Netherlands’ largest war archive searchable online from 2025

Amsterdam / The Hague – The Netherlands’ largest war archive will become digitally accessible to a wide audience. With this ambitious goal, the project Oorlog voor de Rechter starts on 16 February 2023. Four organisations are joining forces to digitise the Central Archive on Special Jurisdiction (CABR) and make the digitised archive documents readable and searchable by means of artificial intelligence. From 2025, the CABR will be open to the public and the first files will be available via Oorlogvoorderechter.nl. This takes into account the GDPR privacy rules, which means that not all documents may yet be made available online.

The CABR is the most consulted and the largest archive on the Second World War in the Netherlands. Every year, thousands of people come to see files from the CABR at the Nationaal Archief. This archive contains files of some 300,000 people who were suspected of collaborating with the Germans. It covers a total of nearly four kilometres. Files may include witness accounts, NSB membership cards, diaries, pardon requests and sometimes photographs. About a large proportion of the suspects, suspicions proved unfounded. Twenty percent were eventually convicted by a special court or tribunal, and nearly 1.900 of them received prison sentences of 10 years or more in the process.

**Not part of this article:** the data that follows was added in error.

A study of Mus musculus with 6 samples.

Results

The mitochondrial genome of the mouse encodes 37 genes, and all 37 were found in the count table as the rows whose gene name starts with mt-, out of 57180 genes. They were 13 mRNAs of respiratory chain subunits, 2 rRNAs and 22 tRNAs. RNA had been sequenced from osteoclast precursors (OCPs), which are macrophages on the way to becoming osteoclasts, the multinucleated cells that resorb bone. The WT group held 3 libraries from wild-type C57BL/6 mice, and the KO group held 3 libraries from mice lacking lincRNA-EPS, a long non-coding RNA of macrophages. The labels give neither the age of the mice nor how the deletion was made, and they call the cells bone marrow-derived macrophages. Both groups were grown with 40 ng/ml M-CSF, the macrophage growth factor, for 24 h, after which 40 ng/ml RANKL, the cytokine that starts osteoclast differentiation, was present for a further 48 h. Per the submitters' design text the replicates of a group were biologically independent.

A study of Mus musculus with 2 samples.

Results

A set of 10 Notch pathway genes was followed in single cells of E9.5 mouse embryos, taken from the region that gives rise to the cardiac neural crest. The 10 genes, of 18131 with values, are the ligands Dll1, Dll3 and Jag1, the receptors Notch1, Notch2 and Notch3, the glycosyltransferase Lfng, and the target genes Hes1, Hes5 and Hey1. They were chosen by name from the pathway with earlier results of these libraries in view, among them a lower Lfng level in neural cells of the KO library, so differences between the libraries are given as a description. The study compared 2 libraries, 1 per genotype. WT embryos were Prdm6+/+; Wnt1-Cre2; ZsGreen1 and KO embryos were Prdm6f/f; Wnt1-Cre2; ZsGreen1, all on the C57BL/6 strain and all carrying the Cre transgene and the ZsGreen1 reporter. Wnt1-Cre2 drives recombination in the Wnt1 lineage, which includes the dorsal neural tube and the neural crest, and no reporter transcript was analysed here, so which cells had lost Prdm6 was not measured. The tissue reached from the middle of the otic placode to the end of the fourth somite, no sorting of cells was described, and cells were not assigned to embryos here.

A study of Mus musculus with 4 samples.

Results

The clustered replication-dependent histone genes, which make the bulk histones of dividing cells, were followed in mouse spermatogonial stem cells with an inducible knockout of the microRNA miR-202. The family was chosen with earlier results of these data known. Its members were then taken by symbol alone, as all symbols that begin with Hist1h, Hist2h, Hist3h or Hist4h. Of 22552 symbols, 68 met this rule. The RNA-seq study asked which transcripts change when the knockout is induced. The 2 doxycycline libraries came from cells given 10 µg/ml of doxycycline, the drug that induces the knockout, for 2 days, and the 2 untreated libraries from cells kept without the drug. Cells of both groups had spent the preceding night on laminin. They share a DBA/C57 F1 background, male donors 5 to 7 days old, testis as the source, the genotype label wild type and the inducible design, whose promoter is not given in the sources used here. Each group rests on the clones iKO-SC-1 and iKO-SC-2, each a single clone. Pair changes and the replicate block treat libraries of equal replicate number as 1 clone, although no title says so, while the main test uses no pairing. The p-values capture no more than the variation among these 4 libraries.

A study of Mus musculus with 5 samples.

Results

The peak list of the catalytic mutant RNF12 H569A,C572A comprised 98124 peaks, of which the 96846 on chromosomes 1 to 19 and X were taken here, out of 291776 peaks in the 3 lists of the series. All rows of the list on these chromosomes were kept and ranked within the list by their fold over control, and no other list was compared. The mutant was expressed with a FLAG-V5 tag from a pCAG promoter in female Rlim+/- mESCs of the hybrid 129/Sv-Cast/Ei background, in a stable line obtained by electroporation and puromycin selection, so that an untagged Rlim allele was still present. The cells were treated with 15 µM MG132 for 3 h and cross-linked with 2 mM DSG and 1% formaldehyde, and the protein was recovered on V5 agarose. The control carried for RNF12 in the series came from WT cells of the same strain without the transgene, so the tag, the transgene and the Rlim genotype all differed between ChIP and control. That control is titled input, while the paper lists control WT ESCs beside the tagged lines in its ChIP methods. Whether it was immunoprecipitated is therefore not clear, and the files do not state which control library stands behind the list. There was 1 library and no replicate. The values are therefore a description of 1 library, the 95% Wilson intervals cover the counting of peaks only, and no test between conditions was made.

Infographic about the project War before the Judge. The project will make data from the largest war archive fully searchable from 2027 onwards. During this project we will scan 152,000 pages per week from different kinds of documents, like witness reports, membership cards and diaries. There are over 300,000 suspects of warcrimes in these documents. We will link this data to other collections.

Joint project

Oorlog voor de Rechter is a joint project of the National Archive, Netwerk Oorlogsbronnen, the Huygens Institute and NIOD Institute for War, Holocaust and Genocide Studies. Archive records from CABR will be digitised with an expected average production of 152,000 scans per week. Artificial intelligence will then be used to make everything digitally readable and searchable. To better understand the documents from the CABR and place them within a broader context, they are enriched with background information. References are also made to sources dealing with the same topic from collections other than CABR.

The first digital results will be presented on Oorlogvoorderechter.nl from 2025. During the project, involved parties will enter into discussions with interest groups on the handling of personal data. The project will run until 2027. The ability to search right through the CABR will provide new insights into events in the Second World War, in all its diversity and from different perspectives.


Funding for Oorlog voor de Rechter is virtually complete. For now, the project is funded from three ministries. The Ministry of Education, Culture and Science, responsible for the Nationaal Archief, which houses the Central Archive on Special Jurisdiction. The Ministry of Health, Welfare and Sport, responsible for care for war victims and the memory of the Second World War. And the Ministry of Justice and Security, the original creator of the Central Archive of Special Jurisdiction.